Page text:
Day of the Dead commemorates loved ones lost
Leo Cervantes felt apprehensive Thursday as he stood in front of 31 Sycamore Elementary School peers, expounding on the Day of the Dead.
The sugar skulls and remembrances of the dead, gracing the commemorative altars set up in his great-aunt’s Eleventh Street home, didn’t unnerve him. What worried him was speaking in public.
“This is my first time. I was so scared,” 11-year-old Leo said.
The Day of the Dead, which roughly corresponds to the Catholic holidays of All Saints’ Day and All Souls’ Day, is a Hispanic observance dating back to the days of the Aztecs. It’s said that on the night of November 1, the dead return to visit loved ones and to get a taste of earthly pleasures they once enjoyed.
The students listened respectfully as their classmate explained the photographs, symbolic items and personal effects arranged amid flickering candles, brightly painted skulls and golden marigolds.
“These beans represent the earth, this candle represents fire, the frog represents nighttime and the shell represents the ocean,” he said, pointing to a large, 4-tiered altar.
The ceremonial display helped paint a compelling portrait of real-life characters like Leo’s great-grandfather, Emiliano Cervantes, a stonemason fond of a cold Tecate beer, and his great-grandmother Theresa Cervantes, who was famed for her tamales and had died 3 years previous.
“Oh, they were amazing!” Leo said of her concoctions of cornmeal and perfectly flavored pork.
For most students in Melissa Jackson’s 4th, 5th and 6th grade combination class, the walking field trip to the home of Thomas McGuire and Cynthia Cervantes-McGuire represented their first Dia de los Muertos celebration. The holiday comes fast on the heels of Halloween and shares the same preoccupation with ghosts, without the fright factor.
“It’s not gross or scary. It’s really about celebrating the lives that were—the people who were with us,” Leo’s Aunt Cynthia explained while the students examined the tableaux set up in her living room.
As Leo’s aunt, Yvonne Cervantes-Coleman, shared with the class, the holiday is still a very vital one for many people in North and South America. She recalled a visit she made years ago during the Day of the Dead to the town of Tzintzuntzan in the Mexican state of Michoacan. Members of the community flocked to the cemetery to clean and groom the graves of their departed loved ones, then returned the evening of November 1 for a picnic, enjoyed to the accompaniment of live music.
Mexican music was playing softly in the background as Leo continued describing the altars in the Cervantes family living room. He became choked up for a moment while describing the significance of the items on the altar dedicated to Charles Cervantes, better known as Uncle Chuck.
Creating Mr. Cervantes’ highly personalized tribute is part of the family’s grieving process, which still feels a little raw. Unlike the other individuals honored by the Cervanteses, who had died in old age after a period of declining health, Uncle Chuck died unexpectedly last December when he was hit by a car.
Leo composed himself and the mood lightened as he and his great-aunt shared stories about the offerings on his altar. Color and vitality were the order of the day on this altar, which included a 45 record of the 1962 hit “Duke of Earl,” a pair of crayon-bright sneakers, a replica of Chuck’s pink Chevy Impala with black flames, a figure of a Trojan horse representing his USC boostership and a can of Diet Coke.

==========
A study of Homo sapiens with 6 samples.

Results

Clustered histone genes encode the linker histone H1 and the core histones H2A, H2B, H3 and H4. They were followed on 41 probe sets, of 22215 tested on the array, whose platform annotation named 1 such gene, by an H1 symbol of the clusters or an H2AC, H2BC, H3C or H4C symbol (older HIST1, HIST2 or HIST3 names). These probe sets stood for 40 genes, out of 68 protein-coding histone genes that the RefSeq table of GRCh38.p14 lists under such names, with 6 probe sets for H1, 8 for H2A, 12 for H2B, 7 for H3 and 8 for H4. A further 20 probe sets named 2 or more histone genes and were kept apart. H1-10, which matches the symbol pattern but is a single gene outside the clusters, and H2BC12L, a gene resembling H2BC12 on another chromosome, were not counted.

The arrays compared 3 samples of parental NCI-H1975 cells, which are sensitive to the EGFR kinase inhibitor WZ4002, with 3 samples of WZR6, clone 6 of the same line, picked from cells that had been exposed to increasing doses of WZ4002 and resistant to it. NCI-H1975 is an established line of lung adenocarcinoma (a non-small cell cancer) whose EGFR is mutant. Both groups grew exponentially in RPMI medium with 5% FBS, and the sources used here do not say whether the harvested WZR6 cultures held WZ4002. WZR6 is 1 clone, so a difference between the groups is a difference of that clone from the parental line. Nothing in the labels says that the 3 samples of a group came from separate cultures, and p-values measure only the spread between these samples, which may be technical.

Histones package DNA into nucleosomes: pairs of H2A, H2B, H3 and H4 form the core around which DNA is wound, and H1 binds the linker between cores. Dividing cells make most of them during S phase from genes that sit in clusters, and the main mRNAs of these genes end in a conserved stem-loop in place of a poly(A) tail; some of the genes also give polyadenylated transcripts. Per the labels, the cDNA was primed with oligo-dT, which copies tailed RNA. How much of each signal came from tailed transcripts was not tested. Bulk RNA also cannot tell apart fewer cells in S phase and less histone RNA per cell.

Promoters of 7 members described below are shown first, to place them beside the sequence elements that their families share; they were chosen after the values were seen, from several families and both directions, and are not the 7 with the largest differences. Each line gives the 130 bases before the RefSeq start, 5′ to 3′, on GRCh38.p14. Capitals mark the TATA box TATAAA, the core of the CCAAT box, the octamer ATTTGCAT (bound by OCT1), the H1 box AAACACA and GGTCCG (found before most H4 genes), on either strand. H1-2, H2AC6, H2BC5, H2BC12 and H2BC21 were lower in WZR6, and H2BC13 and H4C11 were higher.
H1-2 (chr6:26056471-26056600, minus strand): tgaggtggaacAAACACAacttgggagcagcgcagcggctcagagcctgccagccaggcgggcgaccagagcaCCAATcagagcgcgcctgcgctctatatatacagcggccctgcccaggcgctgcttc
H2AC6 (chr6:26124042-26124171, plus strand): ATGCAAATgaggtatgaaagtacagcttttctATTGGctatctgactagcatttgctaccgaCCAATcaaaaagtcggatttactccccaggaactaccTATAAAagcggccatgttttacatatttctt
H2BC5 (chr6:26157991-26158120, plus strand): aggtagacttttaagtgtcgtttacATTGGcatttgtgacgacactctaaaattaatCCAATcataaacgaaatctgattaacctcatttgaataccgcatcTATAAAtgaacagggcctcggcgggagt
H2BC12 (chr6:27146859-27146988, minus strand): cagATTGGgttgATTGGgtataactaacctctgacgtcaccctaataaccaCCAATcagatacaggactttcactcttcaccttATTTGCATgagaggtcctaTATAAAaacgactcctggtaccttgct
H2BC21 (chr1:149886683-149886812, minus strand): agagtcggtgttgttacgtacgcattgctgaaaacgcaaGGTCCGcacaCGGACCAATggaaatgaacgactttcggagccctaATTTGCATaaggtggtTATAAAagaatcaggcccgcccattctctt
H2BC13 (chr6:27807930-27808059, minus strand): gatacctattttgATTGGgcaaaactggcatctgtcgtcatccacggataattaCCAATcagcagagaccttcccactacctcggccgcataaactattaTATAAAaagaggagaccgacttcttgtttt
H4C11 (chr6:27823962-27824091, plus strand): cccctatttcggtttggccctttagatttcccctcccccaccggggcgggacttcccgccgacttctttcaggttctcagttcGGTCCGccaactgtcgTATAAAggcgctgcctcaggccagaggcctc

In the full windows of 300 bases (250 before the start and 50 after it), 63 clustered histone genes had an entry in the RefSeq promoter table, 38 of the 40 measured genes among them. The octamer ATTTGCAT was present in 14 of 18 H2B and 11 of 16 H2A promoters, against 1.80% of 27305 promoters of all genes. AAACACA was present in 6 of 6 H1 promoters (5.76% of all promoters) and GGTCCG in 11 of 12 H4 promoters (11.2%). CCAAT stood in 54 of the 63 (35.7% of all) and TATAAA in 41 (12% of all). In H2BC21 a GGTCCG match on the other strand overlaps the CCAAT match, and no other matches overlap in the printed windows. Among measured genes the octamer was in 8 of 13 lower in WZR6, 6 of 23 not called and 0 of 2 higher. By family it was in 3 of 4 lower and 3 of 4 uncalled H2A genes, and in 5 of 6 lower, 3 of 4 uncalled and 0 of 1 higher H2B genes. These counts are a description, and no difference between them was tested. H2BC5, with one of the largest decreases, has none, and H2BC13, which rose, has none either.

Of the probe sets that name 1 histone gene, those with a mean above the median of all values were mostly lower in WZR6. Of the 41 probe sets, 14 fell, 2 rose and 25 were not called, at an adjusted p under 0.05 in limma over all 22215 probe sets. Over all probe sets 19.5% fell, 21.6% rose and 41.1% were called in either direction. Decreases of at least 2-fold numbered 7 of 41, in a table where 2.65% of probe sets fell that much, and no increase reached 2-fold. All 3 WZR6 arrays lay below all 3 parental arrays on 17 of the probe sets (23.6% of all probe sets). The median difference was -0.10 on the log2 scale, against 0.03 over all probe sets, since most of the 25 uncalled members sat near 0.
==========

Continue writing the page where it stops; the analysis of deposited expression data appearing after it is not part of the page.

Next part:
As they prepare for their first Christmas without Uncle Chuck there to help make holiday tamales, they take comfort in the warm display. During the several days the altars are on view, Ms. Cervantes-McGuire and her husband like to partake of an evening glass of wine amid the candlelit altars. Sometimes, family and friends join them.
The creation and sharing of Day of the Dead altars is a tradition that is now 19 years strong among the Cervantes family. This is the first time, however, they have welcomed a score of children into their home to commemorate Day of the Dead.
After the talk, the students were invited to enjoy refreshments on the lawn. The kids helped themselves to plates of pan dulce and sliced fruit and cups of rich Mexican hot chocolate ladled out by Leo’s grandmother, Rebecca Cervantes.
Some kids settled down for a mini-picnic on blankets spread on the lawn while one clique of boys climbed into a tree house-style play structure for their repast.
It was a great conclusion to 2 days of fun, said 11-year-old Wyatt Hill. The day before, Wyatt shared, he and a few friends dressed up in ghillie suits—extreme military camouflage outfits that make the wearer look like a bush—and went trick-or-treating, then enjoyed a party.
Katie Murakoshi enjoyed learning more about Day of the Dead. She first heard about the holiday in her afterschool art class, where she made a rendering of a pair of skeleton trick-or-treaters. Aleks Watkins, 9, has the same art teacher. She drew a pair of skeleton piano players, “but they turned out kind of fat.”
With this year’s exposure, Aleks has come to appreciate the way that Day of the Dead celebrates the dead without morbidity.
“Day of the Dead skulls are more happy than Halloween decorations, because they’re celebrating, not trying to scare people,” she said.
When the students returned to class, they set to work making thank-you cards for the family willing to welcome so many schoolchildren to share in a meaningful tradition.
“It was wonderful,” Ms. Jackson said. “It was really great to see Leo be so open and sharing with his emotions.”